The new Scottish Act removes any doubt that physical discipline is not acceptable and can only assist social workers when doing multifaceted assessments of families

Saturday 7 November saw the Children (Equal Protection from Assault) Act 2019 coming into force in Scotland. The legislation, which gives children the same protection from assault as adults, was passed by the Scottish parliament last year.

A law banning people in Wales from smacking their children was passed by the Welsh Assembly in January 2020. It is the second part of the UK to do so, after Scotland. The ban in Wales will begin in 2022.

Speaking about the new legislation John McGowan, General Secretary of Social Workers Union (SWU), said: “Physical punishment has no place in 21st century Scotland. The international evidence tells us that it can have serious impacts on children, and that it is not effective.

“We will be joining more than 50 other countries around the world in taking measures to protect the most vulnerable members of society. We are already an outlier in Europe, where most countries have legislated against corporal punishment in line with Article 19 of the UN Convention on the Rights of the Child, with its call for equal protection from assault.”

Speaking about the issue in England and Northern Ireland, McGowan said: “Talk of a ‘smacking ban’ is misleading because no one is proposing to create a new offence. All that needs to happen is for the defence of ‘reasonable punishment’ in the Children Act 2004 to be stripped out. Then, assaults on children would be treated in the same way as assaults on anyone else.”

The new Scottish Act removes any doubt that physical discipline is not acceptable and can only assist social workers when doing multifaceted assessments of families, even if it is considered by the parent as reasonable for the chastisement of their child. Conduct covered includes: hitting such as smacking, slapping and smacking with a hand or an implement; kicking; shaking or throwing children; scratching; pinching; biting; pulling hair or boxing ears; forcing children to stay in uncomfortable positions; burning; scalding; or forced ingestion.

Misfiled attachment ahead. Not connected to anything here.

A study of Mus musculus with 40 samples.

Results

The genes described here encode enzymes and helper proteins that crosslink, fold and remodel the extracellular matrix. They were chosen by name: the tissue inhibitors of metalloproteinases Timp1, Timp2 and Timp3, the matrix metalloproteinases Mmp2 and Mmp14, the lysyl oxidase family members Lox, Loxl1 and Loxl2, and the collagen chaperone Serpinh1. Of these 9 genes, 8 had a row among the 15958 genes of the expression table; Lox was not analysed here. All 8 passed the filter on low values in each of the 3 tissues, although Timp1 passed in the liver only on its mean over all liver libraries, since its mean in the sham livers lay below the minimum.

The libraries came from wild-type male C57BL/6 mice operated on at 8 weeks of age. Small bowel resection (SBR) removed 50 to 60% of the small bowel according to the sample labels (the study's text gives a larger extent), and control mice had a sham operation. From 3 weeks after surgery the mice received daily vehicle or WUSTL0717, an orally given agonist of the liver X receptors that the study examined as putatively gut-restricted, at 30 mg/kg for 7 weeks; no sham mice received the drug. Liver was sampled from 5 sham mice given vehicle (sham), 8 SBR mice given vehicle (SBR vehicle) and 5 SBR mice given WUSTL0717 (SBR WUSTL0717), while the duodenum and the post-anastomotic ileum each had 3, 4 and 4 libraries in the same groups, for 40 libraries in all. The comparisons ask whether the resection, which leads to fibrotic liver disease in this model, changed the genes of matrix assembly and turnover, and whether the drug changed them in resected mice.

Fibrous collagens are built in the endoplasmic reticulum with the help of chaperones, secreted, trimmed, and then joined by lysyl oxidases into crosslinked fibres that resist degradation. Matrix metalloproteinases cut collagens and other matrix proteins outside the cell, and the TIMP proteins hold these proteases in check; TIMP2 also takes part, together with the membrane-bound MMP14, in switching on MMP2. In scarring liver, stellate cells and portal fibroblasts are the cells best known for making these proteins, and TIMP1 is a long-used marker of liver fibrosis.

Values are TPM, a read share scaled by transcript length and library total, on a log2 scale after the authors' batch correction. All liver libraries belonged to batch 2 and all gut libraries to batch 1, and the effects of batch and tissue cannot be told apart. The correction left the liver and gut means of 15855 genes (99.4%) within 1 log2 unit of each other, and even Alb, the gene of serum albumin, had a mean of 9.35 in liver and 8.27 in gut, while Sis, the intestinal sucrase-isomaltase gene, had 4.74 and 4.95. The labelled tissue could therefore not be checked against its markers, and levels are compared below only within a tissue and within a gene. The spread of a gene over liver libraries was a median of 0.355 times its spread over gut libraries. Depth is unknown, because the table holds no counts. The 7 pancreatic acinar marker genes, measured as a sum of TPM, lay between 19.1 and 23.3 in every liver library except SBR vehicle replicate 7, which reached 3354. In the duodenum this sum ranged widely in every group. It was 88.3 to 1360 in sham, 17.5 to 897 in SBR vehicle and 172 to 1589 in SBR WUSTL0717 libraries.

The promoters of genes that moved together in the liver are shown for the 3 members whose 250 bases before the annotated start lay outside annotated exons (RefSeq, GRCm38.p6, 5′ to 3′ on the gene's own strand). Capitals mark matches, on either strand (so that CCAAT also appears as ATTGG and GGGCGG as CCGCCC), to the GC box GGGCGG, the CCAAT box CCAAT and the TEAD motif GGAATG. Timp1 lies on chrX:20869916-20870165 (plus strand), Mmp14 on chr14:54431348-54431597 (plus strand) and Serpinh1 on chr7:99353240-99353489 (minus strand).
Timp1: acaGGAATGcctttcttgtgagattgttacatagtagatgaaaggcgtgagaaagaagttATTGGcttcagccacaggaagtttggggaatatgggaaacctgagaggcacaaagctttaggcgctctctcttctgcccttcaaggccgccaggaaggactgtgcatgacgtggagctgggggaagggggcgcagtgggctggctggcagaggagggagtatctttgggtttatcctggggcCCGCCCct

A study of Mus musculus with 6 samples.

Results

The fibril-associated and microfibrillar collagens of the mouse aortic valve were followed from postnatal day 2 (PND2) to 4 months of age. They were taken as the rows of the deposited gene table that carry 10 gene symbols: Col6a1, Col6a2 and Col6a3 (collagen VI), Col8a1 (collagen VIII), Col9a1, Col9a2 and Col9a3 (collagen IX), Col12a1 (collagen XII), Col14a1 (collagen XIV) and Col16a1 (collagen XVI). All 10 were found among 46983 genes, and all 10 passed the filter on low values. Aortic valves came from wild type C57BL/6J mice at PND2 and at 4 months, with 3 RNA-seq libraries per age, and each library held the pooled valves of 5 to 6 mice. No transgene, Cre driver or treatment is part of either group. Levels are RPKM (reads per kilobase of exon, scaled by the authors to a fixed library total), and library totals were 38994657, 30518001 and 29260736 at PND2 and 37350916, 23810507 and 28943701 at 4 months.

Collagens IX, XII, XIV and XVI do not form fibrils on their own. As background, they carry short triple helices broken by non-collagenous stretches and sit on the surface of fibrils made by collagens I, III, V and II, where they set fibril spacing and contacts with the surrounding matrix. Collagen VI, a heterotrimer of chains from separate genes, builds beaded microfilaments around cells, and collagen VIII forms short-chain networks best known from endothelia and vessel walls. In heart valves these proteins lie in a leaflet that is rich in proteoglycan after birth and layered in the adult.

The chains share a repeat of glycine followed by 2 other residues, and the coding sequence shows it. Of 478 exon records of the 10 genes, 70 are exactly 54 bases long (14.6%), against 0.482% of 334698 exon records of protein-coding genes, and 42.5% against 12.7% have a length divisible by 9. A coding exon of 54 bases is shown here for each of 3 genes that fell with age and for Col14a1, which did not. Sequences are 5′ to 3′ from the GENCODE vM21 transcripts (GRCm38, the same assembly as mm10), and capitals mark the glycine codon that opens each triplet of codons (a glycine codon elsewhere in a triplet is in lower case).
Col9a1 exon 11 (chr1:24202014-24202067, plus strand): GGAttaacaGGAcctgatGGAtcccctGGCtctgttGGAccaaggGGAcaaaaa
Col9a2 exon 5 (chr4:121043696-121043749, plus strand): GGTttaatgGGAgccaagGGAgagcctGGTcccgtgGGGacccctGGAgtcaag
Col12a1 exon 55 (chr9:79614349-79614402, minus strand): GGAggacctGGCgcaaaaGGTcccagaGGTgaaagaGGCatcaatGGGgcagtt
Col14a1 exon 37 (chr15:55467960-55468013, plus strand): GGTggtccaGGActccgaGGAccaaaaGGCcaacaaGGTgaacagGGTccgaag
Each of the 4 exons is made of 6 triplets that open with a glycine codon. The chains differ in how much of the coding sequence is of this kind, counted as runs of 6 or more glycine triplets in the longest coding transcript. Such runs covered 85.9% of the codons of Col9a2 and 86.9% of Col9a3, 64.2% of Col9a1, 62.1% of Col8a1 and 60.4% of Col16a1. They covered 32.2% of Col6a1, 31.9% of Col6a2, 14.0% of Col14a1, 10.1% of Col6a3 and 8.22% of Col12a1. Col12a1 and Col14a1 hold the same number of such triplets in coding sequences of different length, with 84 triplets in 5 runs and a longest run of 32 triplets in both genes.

SWU accepts that the legislation removes the defence of reasonable chastisement and is introduced with the aim of changing attitudes. It is hoped, therefore, that further voluntary resources will be available to support parents in utilising alternatives to 'smacking' where needed.

Kate Fallon, General Secretary of The Association of Educational Psychologists, said: “Smacking is harmful to a child’s mental health, it models aggressive behaviour, and it says to them that it is ok to use violence. Corporal punishment leads to a lower quality of the parent and child relationship, poorer mental health in childhood and adulthood, higher levels of aggression and anti-social behaviour and an increased risk of being a victim of physical abuse.

“We believe that there are many other more effective ways of teaching children right from wrong than by hitting them. More than 50 countries already have full bans, including Sweden, Ireland, Spain, Germany and Portugal, and it is time to make violence against children illegal in the UK in all settings, including the home. The UN Convention on the Rights of the Child, which was signed by the UK in 1990, and requires the prohibition of all corporal punishment in all settings. This is a welcome change in Scotland and the AEP will continue to campaign for it to be banned in the whole of the UK.”